Here's what it's actually like to work in a Chinese electronics factory, according to one American student
- This native Bostonian is a worker on an assembly line in China.
- Mike Gecawicz assembles 3.5 mm headphone cables in Dongguan, a city in Southern China.
- He chose to become a factory worker to gain a better perspective on the products we use everyday.
Mike Gecawicz is a student at the University of Maine, where he studies new media.He spent his summer break in a headphones factory in Dongguan, China - a city of eight million sometimes called "the factory of the world."
Gecawicz's father works in headphones and headsets, and helped connect him with a factory owner in Dongguan. He spent a previous summer in the same factory as a camp counselor for the workers' kids.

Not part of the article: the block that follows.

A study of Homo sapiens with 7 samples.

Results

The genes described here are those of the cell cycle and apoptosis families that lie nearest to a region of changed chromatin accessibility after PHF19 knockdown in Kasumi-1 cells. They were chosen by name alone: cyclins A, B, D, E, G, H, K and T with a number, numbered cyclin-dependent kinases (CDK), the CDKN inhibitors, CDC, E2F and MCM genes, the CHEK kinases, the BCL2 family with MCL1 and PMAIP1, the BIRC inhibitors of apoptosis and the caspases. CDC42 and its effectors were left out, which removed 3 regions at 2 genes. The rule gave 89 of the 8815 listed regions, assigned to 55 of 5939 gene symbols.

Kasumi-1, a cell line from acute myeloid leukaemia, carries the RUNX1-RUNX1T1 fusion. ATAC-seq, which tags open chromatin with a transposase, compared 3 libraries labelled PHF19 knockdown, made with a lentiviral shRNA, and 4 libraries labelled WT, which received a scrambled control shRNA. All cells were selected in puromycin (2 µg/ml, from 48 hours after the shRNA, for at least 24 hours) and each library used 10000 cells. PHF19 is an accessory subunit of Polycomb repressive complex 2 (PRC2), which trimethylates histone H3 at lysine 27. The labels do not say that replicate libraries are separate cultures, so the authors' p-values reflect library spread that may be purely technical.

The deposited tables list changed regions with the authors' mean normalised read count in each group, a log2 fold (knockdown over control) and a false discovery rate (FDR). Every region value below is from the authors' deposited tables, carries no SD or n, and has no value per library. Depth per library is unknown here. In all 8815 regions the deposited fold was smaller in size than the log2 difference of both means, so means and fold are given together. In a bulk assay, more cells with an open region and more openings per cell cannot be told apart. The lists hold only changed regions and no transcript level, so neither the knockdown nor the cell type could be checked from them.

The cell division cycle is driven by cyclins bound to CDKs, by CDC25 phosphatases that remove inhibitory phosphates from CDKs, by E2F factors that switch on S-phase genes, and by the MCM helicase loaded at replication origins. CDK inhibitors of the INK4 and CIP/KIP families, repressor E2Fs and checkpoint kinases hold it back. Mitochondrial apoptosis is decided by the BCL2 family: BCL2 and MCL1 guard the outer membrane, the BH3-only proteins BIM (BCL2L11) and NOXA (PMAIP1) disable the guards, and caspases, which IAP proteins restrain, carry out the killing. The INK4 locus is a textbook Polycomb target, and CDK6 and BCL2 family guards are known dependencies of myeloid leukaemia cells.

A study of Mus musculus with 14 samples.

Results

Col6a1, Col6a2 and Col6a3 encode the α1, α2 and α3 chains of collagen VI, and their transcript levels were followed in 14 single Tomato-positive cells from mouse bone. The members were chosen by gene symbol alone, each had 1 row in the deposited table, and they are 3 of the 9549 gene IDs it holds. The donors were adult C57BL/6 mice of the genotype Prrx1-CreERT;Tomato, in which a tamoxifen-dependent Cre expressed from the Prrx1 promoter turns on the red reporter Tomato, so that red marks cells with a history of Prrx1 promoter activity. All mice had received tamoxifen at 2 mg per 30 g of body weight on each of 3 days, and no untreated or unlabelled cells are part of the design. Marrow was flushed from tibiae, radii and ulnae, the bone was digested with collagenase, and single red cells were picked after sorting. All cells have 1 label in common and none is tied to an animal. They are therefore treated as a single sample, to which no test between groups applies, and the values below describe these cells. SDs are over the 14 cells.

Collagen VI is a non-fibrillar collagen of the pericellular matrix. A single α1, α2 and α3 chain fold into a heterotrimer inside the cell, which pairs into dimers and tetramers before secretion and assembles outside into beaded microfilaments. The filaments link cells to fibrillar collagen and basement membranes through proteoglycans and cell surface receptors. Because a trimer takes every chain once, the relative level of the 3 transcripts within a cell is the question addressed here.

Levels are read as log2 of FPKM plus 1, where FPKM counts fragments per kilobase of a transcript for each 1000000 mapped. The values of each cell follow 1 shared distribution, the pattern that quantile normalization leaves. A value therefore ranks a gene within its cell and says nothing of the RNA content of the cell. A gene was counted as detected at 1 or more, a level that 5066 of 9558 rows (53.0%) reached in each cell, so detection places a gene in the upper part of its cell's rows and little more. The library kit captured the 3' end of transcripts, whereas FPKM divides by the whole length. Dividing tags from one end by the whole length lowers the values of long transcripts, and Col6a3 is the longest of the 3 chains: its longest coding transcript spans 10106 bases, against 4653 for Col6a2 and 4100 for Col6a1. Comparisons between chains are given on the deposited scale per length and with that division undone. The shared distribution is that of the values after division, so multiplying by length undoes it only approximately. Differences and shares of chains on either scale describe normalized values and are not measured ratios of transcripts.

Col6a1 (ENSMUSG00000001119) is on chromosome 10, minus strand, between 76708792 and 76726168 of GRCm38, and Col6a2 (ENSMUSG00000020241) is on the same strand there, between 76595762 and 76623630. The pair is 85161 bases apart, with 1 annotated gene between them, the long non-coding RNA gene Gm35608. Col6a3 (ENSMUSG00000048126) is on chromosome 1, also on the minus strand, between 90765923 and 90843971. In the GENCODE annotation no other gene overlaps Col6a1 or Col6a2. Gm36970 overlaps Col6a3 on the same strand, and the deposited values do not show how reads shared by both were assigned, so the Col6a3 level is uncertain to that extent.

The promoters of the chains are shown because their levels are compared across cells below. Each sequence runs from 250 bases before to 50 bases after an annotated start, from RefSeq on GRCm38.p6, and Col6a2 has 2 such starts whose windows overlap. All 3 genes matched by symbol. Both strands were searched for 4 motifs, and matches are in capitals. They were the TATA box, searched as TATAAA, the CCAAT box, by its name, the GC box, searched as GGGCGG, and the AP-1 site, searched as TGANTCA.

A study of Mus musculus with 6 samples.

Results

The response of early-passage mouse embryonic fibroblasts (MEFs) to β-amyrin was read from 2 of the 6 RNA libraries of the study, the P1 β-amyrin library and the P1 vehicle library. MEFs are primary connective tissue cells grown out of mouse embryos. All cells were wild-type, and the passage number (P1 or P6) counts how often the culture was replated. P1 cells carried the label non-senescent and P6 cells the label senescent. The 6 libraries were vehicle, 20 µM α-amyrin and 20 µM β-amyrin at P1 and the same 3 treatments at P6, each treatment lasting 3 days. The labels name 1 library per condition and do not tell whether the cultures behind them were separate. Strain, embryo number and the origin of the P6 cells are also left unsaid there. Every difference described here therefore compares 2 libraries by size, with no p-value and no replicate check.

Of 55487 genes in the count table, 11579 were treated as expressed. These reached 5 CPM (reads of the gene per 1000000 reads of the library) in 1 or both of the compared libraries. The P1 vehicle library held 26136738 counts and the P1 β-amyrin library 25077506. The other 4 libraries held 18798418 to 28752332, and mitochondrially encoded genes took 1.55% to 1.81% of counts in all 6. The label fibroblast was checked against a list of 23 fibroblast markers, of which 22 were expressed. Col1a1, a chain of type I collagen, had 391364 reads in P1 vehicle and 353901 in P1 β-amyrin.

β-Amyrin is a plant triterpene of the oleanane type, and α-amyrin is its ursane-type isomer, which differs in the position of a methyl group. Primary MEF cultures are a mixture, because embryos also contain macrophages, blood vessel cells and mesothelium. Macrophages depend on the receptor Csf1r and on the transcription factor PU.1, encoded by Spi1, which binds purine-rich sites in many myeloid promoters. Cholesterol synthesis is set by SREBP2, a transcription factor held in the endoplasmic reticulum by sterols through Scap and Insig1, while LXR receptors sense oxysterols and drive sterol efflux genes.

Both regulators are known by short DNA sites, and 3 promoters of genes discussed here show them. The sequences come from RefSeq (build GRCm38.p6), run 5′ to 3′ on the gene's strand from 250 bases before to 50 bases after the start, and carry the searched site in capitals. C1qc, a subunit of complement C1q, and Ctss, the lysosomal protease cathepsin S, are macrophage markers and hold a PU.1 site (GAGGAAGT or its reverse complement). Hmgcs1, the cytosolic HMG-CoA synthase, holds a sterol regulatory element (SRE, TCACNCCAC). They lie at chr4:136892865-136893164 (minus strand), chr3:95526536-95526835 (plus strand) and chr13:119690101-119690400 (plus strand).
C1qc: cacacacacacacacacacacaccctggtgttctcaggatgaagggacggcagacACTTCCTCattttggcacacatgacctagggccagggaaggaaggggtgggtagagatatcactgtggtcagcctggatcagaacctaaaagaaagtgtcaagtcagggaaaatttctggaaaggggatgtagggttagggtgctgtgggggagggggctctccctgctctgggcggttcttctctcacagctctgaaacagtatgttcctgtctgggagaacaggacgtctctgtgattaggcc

"I'm not entirely sure why they wanted me to come and do this," Gecawicz said in an interview with Business Insider.
"Part of it for me was that most people will go through their entire life and never really know where their product comes from," Gecawicz said. "I wanted to do this as a way to get better exposure to things I don't know so well, and that most people in my position would never get to see."
He's found his summer of dealing with smog, trying solidified blood, and developing headphone models to be "enlightening and rewarding."
"I could recommend it to anybody," said Gecawicz, who is originally from Boston. "It's a great way to get perspective."Keeping reading for a look into what it was like to work in a Chinese factory.